AP/Manuel Diaz

Juliana and her daughter Maria are two of many who were born in the Dominican Republic but may now lose their citizenship, and the rights that go along with it, because of a recent Constitutional Court decision.

By Mark Kurlansky

(Page 2)

What is to become of a quarter of a million stateless Dominicans? The government is not clear on its intentions but one of the important lessons of the Nazi Holocaust is that the first step to genocide is to strip people of their right to citizenship. They are legally helpless.

The ruling will make it difficult for these Dominicans to register for school; to work in the formal sector of the economy; to pay insurance; to pay into pension funds; to get married legally; to register children; to open bank accounts; to make purchases; to receive inheritances; and even to leave the country that now rejects them because they cannot obtain or renew their passport.

There are already reports from Puerto Rico of small boats attempting to cross the wild white-capped dangerous sea of the Mona Passage where the Atlantic rushes into the strait between the two islands.

But this is not such a grave crisis, the Dominican government keeps insisting, because the Haitian constitution guarantees citizenship to anyone with Haitian parents. Aside from the fact that this claim is neither as certain nor as automatic as the Dominican government suggests, it would be like saying that American Jews can be stripped of their citizenship because, after all, they have the right to Israeli citizenship.

But why would the Dominican government be doing this? It has been suggested that as elections get tighter each round, this would be a way for the ruling Dominican Liberation Party and President Danilo Medina to disenfranchise black voters who seldom support them. Or it could be an attempt to whip up waning enthusiasm among their base.


There always have been a large number of Dominicans who opposed racist policies, possibly even a majority. In 1996 more people voted for Peña Gómez than Balaguer.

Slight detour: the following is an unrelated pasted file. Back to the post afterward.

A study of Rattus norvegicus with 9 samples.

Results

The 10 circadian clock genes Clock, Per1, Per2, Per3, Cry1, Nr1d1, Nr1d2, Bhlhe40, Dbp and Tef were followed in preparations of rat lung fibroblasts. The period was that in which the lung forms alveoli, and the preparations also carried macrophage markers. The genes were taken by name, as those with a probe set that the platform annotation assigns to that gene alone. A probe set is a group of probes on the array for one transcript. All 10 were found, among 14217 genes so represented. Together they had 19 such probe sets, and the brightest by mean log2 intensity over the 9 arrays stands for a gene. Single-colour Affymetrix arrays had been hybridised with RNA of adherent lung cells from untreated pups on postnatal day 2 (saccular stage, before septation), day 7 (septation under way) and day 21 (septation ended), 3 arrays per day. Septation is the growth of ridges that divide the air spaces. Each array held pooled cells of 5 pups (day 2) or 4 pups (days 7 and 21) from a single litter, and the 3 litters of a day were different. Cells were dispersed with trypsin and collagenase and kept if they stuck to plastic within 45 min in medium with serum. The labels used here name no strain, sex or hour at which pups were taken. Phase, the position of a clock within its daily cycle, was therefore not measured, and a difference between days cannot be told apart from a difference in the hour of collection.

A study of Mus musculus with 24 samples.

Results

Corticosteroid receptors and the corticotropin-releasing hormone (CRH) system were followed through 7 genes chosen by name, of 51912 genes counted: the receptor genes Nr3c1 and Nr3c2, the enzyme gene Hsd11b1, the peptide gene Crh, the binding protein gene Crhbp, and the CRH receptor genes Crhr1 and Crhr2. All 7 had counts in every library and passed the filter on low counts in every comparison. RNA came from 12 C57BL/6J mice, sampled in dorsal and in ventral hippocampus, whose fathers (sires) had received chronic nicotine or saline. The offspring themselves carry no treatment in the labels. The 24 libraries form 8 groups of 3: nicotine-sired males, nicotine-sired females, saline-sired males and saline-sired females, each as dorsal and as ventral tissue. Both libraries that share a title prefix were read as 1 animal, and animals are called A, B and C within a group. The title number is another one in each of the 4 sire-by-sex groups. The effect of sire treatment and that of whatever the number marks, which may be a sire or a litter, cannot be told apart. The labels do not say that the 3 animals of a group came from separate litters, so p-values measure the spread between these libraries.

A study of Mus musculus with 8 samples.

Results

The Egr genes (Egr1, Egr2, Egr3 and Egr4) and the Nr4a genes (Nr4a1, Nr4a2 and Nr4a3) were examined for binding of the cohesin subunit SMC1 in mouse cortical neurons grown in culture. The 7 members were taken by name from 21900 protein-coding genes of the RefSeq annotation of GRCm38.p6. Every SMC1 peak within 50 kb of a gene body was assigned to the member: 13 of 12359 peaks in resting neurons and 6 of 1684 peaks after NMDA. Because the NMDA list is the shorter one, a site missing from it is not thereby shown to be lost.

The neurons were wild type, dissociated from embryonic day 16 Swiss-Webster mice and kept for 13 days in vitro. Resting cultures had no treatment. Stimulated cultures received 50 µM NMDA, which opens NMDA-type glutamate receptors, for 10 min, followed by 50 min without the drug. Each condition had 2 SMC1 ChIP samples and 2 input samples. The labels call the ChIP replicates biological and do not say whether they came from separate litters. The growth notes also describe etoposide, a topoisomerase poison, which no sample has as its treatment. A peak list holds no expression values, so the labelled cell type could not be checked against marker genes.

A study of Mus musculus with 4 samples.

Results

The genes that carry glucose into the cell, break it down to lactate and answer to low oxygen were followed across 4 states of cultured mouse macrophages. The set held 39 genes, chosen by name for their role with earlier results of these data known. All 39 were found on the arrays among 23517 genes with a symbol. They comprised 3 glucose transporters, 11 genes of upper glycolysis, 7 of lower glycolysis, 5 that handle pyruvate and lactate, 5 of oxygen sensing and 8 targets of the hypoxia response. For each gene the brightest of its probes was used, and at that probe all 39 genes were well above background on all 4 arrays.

According to the U.S. Census, 1.5 million people living in the United States consider themselves Dominican. Slightly less than half of them have U.S. citizenship yet nearly all of them, even those born in the U.S., have the right to Dominican citizenship and they find it odd and unjust that some of their fellow countrymen born and living in the Dominican Republic are losing theirs. Silvio Torres-Saillant, a Dominican-American professor at Syracuse University, said of the ruling, “It redefines Dominican nationality in a way that makes Dominicanness a shameful thing.”

The fear is that this ruling is only the beginning. Poet Rhina Espaillat, whose family fled the Trujillo regime in 1939 when she was a young girl, said,    “Witnessing, for several weeks now, the progress and aftermath of the Dominican Constitutional Court’s Sentence 0168-13, and the bitter divisions to which it has given rise in my native country, as well as the condemnations it has rightly earned from the international community, I have what I can only describe as that 1939 feeling.”

A number of international organizations including the 15-nation pan Caribbean Community and the United Nations have already denounced the ruling, with the U.N. claiming it was in violation of its Declaration of Human Rights. Opponents want a decision from the Inter-American Court of Human Rights.

If the issue moves to international venues, if the Dominican political situation becomes tenser, if a huge refugee crisis is created, it is going to become difficult for the United States not to get involved.

If this Caribbean nation less than 800 miles from our shore has an odd and troubled history, it is one with which the United States is intertwined. The U.S. government once considered annexing the Dominican Republic but the Senate rejected the proposal. The U.S. military has twice invaded and occupied the country. We have deposed elected presidents, installed dictators and had them killed—in the case of Trujillo, both.

And the U.S. is already involved as a key player in the Dominican economy, originally because of sugar and today because of tourism. The 4 million people who visit the country annually are a mainstay of its economy; more than half are American. The Dominicans have built resorts along their coastline and constructed nearby airports so that tourists can fly in, spend a week and fly out without seeing or even considering the Dominican Republic. Perhaps this citizenship ruling will make them start thinking about it.